Protest Against Agri Reforms And Wistron Plant Violence Show That India Has Too Little Democracy, And Not ‘Too Much’
Greater political freedom of India can be its biggest strength, but only if it is supplemented with strong protection of individual and private property rights.
There has been a recent controversy about the state of democracy in India. This controversy was in response to a remark made by a government of India representative while comparing India and China. Indeed, India cannot have the kind of brutal financial suppression as our neighbour can and thus, the comments make a decent job of contrasting the growth models of both these countries.
However, we must recognise that democracy as an institution tends to have a lasting impact on economic growth. That is, while democracies may grow slower at times, over the long-term, constant churn should in principle result in policies that attempt to maximise the welfare of the largest possible people.
Thus, this implies that democracies should in theory result in lower poverty and inequality levels over time as the political process dictates a reversion to welfare which would rebalance societies from time to time — whether that has happened or not is an empirical question and worth exploring in detail.
But the key point here is with regards to China and the institution of democracy. This is a provocative sentence as one mentions China and democracy at the same time — however, we must recognise that China does protect private property and certain individual rights.
At the same time, it does not grant the same kind of political freedom that countries such as India grant.
Political freedom is essential — but can more political freedom imply a weaker democracy?
These are some issues that have been at the back of my mind over the last few days as I observe recent developments in India and even as many believe that India has too much democracy, I would argue that India has too little of it.
The reason for this provocative statement is the extent of political freedom that is granted whereby we allow the policymaking process to be hijacked by special interest groups from time to time.
The issue is not the prevalence of special interest groups as they exist everywhere across the world and they do try to influence outcomes.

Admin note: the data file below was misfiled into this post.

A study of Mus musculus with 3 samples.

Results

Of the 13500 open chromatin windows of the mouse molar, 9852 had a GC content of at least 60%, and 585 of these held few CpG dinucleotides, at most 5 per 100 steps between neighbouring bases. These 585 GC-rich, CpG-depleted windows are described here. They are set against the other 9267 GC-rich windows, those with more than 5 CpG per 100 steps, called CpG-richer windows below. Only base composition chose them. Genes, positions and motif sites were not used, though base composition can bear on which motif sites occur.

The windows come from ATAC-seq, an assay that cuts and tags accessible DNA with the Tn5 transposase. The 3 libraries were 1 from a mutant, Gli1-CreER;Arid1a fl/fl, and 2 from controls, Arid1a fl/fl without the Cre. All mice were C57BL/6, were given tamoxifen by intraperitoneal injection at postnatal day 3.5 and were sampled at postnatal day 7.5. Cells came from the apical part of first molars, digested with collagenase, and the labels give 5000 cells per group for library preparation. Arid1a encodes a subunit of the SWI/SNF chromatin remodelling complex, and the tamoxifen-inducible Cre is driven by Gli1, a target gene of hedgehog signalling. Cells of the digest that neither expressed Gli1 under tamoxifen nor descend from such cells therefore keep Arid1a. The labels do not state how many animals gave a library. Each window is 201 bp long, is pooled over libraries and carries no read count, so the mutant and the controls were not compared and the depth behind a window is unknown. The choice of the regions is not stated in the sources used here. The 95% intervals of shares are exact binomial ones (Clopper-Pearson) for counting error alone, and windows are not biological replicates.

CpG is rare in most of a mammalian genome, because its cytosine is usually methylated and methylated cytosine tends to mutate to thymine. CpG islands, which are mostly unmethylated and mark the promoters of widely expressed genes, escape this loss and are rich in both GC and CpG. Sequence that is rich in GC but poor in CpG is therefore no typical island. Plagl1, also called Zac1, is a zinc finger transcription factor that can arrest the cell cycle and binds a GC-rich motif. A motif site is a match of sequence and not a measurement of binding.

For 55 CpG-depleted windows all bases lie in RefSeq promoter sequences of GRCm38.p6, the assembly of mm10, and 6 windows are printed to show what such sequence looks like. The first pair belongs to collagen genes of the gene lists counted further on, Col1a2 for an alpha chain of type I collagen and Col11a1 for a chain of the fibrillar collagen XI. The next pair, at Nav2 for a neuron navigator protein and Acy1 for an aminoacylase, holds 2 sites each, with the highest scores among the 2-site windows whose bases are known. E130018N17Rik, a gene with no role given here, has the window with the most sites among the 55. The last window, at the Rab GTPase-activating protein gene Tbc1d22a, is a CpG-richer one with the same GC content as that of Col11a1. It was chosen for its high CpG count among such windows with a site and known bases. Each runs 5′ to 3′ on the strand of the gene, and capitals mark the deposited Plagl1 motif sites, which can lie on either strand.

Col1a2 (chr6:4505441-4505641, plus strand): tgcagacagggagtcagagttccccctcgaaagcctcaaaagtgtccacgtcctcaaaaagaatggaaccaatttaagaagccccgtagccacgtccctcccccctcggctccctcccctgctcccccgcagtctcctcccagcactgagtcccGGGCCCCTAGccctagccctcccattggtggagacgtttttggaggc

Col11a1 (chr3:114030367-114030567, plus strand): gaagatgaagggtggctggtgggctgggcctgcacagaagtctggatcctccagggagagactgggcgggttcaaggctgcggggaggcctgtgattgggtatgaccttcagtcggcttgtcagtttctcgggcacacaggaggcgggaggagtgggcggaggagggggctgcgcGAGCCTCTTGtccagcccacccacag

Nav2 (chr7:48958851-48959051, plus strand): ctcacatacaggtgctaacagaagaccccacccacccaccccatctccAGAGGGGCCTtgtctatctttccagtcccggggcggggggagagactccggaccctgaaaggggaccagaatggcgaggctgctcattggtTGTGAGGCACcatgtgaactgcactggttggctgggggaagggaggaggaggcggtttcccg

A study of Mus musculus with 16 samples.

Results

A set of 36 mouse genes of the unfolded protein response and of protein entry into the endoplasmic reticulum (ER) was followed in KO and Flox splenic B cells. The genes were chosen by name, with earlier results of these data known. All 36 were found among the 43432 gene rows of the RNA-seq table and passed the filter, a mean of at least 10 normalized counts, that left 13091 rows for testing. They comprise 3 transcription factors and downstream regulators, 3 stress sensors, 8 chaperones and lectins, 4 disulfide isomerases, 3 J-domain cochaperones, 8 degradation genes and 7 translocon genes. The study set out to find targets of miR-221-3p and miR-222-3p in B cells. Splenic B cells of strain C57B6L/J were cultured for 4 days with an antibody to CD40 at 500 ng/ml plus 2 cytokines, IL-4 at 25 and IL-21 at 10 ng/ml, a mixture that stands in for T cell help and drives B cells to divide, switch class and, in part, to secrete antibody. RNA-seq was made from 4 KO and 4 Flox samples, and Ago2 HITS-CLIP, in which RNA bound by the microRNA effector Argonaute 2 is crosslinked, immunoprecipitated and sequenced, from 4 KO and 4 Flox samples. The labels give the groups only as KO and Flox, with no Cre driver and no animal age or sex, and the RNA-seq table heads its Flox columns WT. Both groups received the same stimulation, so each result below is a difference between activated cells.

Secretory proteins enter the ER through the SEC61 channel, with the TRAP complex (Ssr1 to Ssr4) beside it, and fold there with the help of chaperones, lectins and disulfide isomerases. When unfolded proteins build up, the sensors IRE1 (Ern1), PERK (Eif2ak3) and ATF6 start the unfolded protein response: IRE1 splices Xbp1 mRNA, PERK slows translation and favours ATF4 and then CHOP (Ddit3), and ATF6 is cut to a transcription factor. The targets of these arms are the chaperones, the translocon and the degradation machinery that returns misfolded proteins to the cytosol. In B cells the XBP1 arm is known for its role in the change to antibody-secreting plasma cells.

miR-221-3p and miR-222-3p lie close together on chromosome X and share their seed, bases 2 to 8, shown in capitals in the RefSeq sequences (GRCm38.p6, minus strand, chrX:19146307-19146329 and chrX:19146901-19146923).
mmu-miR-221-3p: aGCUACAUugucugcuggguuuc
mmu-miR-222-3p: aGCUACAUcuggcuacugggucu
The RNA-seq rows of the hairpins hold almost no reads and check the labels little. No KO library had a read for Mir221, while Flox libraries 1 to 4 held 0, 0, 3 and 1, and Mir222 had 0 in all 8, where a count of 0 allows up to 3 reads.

The issue, however, arises when the special interest groups decide to undertake actions that impose a social cost on others thereby forcing the government to grant them special concessions.
Thus, our policymaking process can be easily subjected to organised extortion even as it comes at the cost of the rights of other citizens.
That is, my right to travel freely in my city can be infringed upon by protesters that decide to stop trains from plying or stop traffic choking the city.
A good example of this is the recent farmers’ protest whereby we have a bunch of rich entitled farmers blocking the borders of the national capital territory of the country.
Protests are a part and parcel of any functional democracy, but the question that arises here is that how would some of the other democratic countries respond to a similar such protest amidst the pandemic?
The fact that our institutions have failed to act to protect individual rights of those that are not protesting shows the extent of weakness that is prevalent towards dealing with such situations which may arise from time to time.
It is equally concerning to note that the protests that are underway are happening under the pretext of farmers even though a majority of the farmers are supporting the new laws.
Evidence in support of this is the fact that India’s ruling dispensation has managed to win in rural areas successively and repeatedly. Therefore, the larger question that arises is of whether we will allow the democratic process to be subverted on the streets of the national capital?
What is occurring in Delhi seems to suggest that there has been a conscious decision by numerous institutions that someone’s political freedom is more important that someone’s right to work, live or eat. Or, in other words, individual rights do not matter unless they are of someone related to political activist or their associates.
Another recent example of the weakness is the developments on a Taiwanese manufacturing company’s plant in Karnataka, whereby labour unions led by goons orchestrated a protest and ended up damaging the plant of the company. The total damages were somewhere in the range of Rs 26-52 crore, however, how were these employees allowed to cause destruction of private property in the name of a protest?
The question that arises here is with regards to the appropriate role of law enforcement in this country which is subject to different kinds of pulls and pressures based on different voter groups. Therefore, laws are selectively enforced adding to overall policy uncertainty.
The lack of strong individual rights that are seldom enforced by our law enforcement agencies has created a system where political freedom is far too much to the point that it encroaches on the individual rights of other citizens.
It is thus important to ask whether this strengthens or weakens democracies. In my view, any political system that fails to establish a rule of law is a weak system and this is why I say that India has too little democracy rather than too much of it.
Greater political freedom of India can be its biggest strength, but only if it is supplemented with strong protection of individual and private property rights. With just the former we cannot build a strong democratic system and both are essential to have a truly rules-based society, whereby institutions are strong enough to act in accordance with the laws of our land.